Opinion: India's rape problem needs a rewiring of society's attitude

Outrage over suspected India gang rape



  • 23-year-old woman in critical condition in Delhi after being raped, beaten by gang
  • The case has provoked widespread protests against authorities in India's capital
  • India reports a rape case every 22 minutes, according to the National Crime Records Bureau
  • Menon: Many Indians believe that women invite trouble on themselves by being careless

Four years ago, a young female journalist driving home from work at 3 a.m. was shot dead in her car in India's capital, New Delhi. The state's chief minister, Sheila Dixit, a woman, remarked that the girl was returning home all by herself "at night in a city where people believe ... you know ... you should not be so adventurous."

This week, a 23-year-old woman, accompanied by a male friend, boarded a bus on a busy road in the capital at 9 p.m., only to be brutally raped by a group of men. She was then savagely beaten, stripped and thrown onto the road. The girl and her friend, who was attacked for trying to protect her, were returning home after watching a movie. She is battling for life in hospital, according to her doctors.

India's rising rape cases -- one every 22 minutes, according to the National Crime Records Bureau -- betray what is wrong with society.

Millions of Indians continue to believe that women invite trouble on themselves by being careless. Mothers often chide daughters for wearing provocative clothing, in most cases a sleeveless garment or a pair of hip-hugging jeans.

In cities such as New Delhi, easily the most-policed state in the country, few women will take public or private transport unescorted after nightfall. More than 600 rape cases have been reported in New Delhi alone this year, according to government records.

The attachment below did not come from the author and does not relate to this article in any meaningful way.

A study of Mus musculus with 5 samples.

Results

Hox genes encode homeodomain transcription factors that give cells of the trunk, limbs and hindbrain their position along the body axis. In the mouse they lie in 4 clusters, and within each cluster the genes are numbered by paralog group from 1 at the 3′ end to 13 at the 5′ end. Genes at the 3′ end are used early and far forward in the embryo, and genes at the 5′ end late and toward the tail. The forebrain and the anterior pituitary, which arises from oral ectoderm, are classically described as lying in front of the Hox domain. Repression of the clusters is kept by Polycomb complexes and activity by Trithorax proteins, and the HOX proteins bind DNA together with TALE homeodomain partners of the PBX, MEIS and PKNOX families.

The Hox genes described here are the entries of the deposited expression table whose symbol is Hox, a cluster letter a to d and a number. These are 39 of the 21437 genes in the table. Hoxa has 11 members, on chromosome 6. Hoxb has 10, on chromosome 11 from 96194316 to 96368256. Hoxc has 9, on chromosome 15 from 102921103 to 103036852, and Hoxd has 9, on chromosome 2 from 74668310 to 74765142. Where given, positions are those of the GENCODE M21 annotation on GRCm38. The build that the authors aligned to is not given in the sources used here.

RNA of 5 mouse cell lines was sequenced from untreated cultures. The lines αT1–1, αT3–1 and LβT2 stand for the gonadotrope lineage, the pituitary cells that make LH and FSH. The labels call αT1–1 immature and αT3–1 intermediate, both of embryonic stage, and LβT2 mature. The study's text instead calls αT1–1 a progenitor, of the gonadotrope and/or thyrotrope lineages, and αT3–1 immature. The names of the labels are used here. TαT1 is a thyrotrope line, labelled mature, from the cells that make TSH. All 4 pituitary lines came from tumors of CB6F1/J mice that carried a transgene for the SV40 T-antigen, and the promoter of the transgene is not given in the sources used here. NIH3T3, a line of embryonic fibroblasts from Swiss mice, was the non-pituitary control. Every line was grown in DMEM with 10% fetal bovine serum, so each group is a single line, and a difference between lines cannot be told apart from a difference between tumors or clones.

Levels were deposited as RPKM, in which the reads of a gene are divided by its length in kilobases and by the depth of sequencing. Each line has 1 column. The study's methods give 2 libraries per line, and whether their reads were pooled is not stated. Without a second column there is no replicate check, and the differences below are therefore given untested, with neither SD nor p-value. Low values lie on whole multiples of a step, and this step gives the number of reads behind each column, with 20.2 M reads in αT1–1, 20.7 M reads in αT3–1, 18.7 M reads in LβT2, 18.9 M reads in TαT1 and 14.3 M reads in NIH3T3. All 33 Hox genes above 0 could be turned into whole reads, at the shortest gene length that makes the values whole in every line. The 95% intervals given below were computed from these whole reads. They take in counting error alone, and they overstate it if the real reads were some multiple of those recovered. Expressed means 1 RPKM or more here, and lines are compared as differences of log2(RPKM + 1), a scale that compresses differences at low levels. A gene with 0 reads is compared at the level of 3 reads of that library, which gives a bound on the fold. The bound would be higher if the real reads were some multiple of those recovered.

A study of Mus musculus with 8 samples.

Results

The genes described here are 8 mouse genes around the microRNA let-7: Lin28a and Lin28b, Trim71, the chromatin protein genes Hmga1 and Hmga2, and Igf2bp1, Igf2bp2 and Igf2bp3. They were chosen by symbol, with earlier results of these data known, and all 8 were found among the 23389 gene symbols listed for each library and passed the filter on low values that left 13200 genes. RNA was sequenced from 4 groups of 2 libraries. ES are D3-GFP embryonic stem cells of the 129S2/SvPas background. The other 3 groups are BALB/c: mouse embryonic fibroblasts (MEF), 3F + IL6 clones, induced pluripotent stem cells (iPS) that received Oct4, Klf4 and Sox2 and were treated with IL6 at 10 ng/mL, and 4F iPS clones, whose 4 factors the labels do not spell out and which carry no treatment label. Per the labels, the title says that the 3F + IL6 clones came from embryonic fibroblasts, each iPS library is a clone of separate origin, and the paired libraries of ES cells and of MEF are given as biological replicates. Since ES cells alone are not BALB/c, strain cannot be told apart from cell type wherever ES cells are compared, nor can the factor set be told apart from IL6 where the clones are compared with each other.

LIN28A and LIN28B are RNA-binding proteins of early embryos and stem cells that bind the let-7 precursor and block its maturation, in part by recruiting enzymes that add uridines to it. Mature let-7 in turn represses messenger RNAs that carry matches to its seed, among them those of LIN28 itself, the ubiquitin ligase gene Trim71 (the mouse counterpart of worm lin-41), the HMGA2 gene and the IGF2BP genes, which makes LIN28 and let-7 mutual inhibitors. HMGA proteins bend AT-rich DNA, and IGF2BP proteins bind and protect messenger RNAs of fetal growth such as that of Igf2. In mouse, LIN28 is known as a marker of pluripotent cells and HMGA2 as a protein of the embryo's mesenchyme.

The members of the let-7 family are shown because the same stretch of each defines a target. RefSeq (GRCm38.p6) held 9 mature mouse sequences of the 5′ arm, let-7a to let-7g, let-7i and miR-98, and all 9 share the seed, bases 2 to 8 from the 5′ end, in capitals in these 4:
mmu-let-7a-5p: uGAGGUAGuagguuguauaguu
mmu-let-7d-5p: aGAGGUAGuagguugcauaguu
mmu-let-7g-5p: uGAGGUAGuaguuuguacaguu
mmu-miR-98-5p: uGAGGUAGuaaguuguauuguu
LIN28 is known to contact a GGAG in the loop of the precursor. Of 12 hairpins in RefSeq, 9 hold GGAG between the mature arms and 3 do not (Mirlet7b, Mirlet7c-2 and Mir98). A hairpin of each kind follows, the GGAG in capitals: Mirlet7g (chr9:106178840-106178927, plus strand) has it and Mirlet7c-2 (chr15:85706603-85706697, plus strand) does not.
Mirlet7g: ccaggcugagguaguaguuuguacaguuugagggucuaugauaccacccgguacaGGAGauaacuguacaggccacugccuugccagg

Anjana Menon

Worse still, many more go unreported because a large number feel insecure about reporting rape or even sexual harassment to lawmakers, either because they are not taken seriously or because in several cases the protectors have turned perpetrators.

Earlier this month, a girl who was raped in her village by four men, was then allegedly raped by a police officer who was handling her case, according to medical examiners. She had to be rescued by a police team that raided the hotel where she was being held.

Read: Indian girl seeks justice after gang rape

The incident happened in Uttar Pradesh, which borders Delhi.

Around the same time in Punjab, another northern state, an officer who was protecting his daughter against sexual harassment -- locally referred to as "Eve teasing" -- was shot dead in public view, allegedly by a local political party member who was troubling her.

The truth is, when most women report sexual harassment in India's cities, towns and villages, they are typically met with a shrug. Slowly, but firmly, the onus of remaining safe seems to have shifted to women, instead of being shared by society and law-keepers.

At a protest rally held in the city on Tuesday, when women waved placards saying: "Don't teach me what to wear, teach men not to rape," it was meant as a wake-up call for society, for mothers and fathers, for law-keepers as well as lawmakers. Other posters saying: "Don't get raped," with words crossed out to read: "Don't rape," were a chilling reminder of how vulnerable and isolated women feel in India.

India's apparent nonchalance towards sexual harassment has escalated into a major crisis. And we're not just talking about the odd sly remark or attempt to grope a woman but far more serious assaults. India's misplaced tolerance has helped this cascade into a brutal, violent menace.